Childhood trauma resurfaces for new mom

Published 9:11 am Saturday, May 20, 2023

I went through multiple eating disorders and addiction, and I had plastic surgery 15 years ago. After many years of therapy, I am now doing better emotionally. I also endured many years of heart-shattering infertility, but I am finally a mother, working hard to give my child a better life than I had.
My mother continues buying clothes for my child, and receiving these “gifts” fills me with rage. My son is too young to pick out his own clothes, but I know what he likes and choose clothes accordingly. I allow him to select which items he wears, guilt free. My mother seems to buy clothes based on my son’s interests, but I resent her buying any clothes for him. I want her to stop. It’s my turn to be a parent!
I feel so much guilt, anger and shame giving away or selling clothes I don’t want, like I’m being “bad.” Despite therapy, my childhood trauma persists. How can I ask my mother to stop buying unwanted “gifts”? – BAD KID FOR LIFE
DEAR BAD KID: Do not ASK your mother to stop buying clothing for your son – TELL her. While you’re at it, tell her what you have been doing with them, AND WHY. Then, if she doesn’t already know, explain exactly how the way she raised you affected you. To do that isn’t being “bad”; it is honest and long overdue. If she persists after that, feel free to donate the clothes, because another child might be thrilled to have them.
DEAR ABBY: My 50-year-old daughter divorced her husband 15 years ago because she thought she could do better. From what I could see, he was a good husband. She didn’t work and lived a comfortable lifestyle with two small children. Since the divorce, that lifestyle has gone steadily downhill. She can’t hold a job because she always finds some way to be offended, and quits.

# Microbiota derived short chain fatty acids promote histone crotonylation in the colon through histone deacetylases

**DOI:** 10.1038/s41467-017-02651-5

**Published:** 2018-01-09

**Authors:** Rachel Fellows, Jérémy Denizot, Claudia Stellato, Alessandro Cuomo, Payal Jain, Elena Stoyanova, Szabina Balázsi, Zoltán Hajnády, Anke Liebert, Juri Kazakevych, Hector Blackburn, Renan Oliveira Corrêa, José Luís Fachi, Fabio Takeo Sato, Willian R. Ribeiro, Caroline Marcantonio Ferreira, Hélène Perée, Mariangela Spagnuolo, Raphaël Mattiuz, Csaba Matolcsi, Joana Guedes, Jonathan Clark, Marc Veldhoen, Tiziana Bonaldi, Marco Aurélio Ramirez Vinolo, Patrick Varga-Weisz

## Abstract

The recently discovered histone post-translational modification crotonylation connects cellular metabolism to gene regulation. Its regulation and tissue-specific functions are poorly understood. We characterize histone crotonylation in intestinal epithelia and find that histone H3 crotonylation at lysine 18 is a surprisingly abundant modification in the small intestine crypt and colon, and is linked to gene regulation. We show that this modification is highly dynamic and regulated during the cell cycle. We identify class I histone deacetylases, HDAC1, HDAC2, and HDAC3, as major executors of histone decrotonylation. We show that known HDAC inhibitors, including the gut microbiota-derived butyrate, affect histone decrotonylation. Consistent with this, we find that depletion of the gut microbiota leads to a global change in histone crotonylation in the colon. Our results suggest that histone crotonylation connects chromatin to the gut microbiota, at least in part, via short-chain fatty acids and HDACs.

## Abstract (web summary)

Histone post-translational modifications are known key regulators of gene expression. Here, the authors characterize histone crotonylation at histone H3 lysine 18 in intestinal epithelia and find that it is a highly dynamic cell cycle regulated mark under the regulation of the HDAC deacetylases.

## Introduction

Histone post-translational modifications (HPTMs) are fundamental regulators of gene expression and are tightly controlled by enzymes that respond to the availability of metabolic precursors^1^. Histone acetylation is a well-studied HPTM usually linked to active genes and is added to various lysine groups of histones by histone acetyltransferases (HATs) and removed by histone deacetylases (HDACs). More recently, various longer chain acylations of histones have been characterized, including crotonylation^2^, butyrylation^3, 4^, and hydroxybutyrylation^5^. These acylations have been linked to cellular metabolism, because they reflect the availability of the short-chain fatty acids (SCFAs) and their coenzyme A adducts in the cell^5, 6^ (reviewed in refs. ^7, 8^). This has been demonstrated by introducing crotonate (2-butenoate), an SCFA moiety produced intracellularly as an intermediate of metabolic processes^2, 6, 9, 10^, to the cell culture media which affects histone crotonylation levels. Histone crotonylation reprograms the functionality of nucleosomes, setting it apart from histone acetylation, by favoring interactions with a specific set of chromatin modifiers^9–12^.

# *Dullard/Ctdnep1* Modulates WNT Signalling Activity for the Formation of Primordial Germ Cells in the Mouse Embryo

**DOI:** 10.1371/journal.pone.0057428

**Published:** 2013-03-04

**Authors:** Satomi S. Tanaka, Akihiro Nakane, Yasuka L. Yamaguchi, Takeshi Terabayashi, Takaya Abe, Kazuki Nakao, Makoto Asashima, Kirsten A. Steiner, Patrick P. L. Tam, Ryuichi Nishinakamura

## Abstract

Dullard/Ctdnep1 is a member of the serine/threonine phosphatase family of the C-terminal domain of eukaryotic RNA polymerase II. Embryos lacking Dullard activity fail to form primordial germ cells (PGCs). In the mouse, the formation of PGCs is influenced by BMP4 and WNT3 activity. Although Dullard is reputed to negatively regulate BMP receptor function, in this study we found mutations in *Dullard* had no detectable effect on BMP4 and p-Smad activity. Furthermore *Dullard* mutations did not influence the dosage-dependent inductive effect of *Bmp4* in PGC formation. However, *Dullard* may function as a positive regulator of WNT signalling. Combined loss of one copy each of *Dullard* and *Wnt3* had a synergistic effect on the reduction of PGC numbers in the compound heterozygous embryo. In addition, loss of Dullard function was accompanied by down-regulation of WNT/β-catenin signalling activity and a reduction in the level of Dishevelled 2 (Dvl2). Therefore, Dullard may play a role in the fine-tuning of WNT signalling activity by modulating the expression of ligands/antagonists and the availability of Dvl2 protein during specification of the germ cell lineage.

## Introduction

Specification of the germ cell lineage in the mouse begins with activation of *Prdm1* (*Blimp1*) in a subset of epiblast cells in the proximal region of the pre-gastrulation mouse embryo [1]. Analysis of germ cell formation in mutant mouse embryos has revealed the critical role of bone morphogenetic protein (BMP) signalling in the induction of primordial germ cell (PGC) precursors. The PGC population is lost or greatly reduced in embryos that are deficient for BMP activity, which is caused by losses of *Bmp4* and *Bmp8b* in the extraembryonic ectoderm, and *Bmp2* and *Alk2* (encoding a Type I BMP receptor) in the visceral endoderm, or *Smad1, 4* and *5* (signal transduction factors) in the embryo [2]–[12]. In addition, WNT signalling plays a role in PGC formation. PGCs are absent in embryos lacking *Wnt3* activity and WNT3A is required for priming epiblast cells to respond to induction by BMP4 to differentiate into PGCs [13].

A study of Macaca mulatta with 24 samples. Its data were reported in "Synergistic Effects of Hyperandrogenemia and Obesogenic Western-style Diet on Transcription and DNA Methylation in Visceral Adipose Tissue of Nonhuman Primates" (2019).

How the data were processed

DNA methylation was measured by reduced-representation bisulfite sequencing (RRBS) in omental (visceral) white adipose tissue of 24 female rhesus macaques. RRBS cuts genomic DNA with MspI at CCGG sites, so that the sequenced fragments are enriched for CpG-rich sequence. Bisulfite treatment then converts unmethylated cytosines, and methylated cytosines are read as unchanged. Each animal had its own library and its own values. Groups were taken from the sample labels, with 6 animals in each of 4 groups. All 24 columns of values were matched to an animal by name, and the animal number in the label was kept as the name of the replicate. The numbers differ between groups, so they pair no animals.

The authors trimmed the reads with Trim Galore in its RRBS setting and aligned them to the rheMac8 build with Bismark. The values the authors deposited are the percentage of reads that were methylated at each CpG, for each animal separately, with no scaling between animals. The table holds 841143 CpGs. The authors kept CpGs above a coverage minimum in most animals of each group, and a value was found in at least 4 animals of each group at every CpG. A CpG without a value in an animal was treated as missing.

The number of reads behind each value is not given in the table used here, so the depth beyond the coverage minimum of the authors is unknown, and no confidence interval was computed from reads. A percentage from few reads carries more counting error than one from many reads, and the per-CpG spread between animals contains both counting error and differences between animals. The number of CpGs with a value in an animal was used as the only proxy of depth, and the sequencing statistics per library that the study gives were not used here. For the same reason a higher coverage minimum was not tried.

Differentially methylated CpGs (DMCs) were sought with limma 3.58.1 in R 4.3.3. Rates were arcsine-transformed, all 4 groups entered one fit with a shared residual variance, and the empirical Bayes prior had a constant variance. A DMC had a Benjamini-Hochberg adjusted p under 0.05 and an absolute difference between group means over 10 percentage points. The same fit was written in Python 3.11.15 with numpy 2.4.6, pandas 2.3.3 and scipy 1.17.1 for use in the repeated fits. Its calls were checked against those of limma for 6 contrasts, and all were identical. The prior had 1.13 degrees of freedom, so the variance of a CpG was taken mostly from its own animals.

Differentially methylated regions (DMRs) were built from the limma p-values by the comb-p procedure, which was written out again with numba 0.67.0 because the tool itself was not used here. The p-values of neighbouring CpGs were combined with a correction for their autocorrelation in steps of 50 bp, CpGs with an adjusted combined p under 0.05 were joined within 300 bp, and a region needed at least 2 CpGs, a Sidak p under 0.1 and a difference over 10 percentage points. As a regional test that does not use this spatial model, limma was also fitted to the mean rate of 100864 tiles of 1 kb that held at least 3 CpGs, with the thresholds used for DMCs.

She had a house my husband and I paid the down payment on, but lost it by making the ownership joint with her abusive second husband. She no longer receives child support because her children are grown, so her finances are worse than ever. We bought her a car last year because she had no transportation.
My question is this: How much should we continue to financially support her? We are well-off, but where should our obligation end for a daughter who continues to make bad decisions? – PUT-UPON MOM IN GEORGIA
DEAR MOM: As parents of a 50-year-old daughter, you and your husband are likely in your 70s. You have two choices. If you wish to continue enabling your daughter, she will receive whatever is left of your estate, so she shouldn’t be homeless after you die if you leave it in a trust. If you don’t wish to continue your financial support, you may need counseling to help you overcome your instinct to rescue your self-destructive daughter, who is no longer a child.
Dear Abby is written by Abigail Van Buren, also known as Jeanne Phillips, and was founded by her mother, Pauline Phillips. Contact Dear Abby at or P.O. Box 69440, Los Angeles, CA 90069.
For an excellent guide to becoming a better conversationalist and a more sociable person, order “How to Be Popular.” Send your name and mailing address, plus check or money order for $8 (U.S. funds) to: Dear Abby, Popularity Booklet, P.O. Box 447, Mount Morris, IL 61054-0447. (Shipping and handling are included in the price.)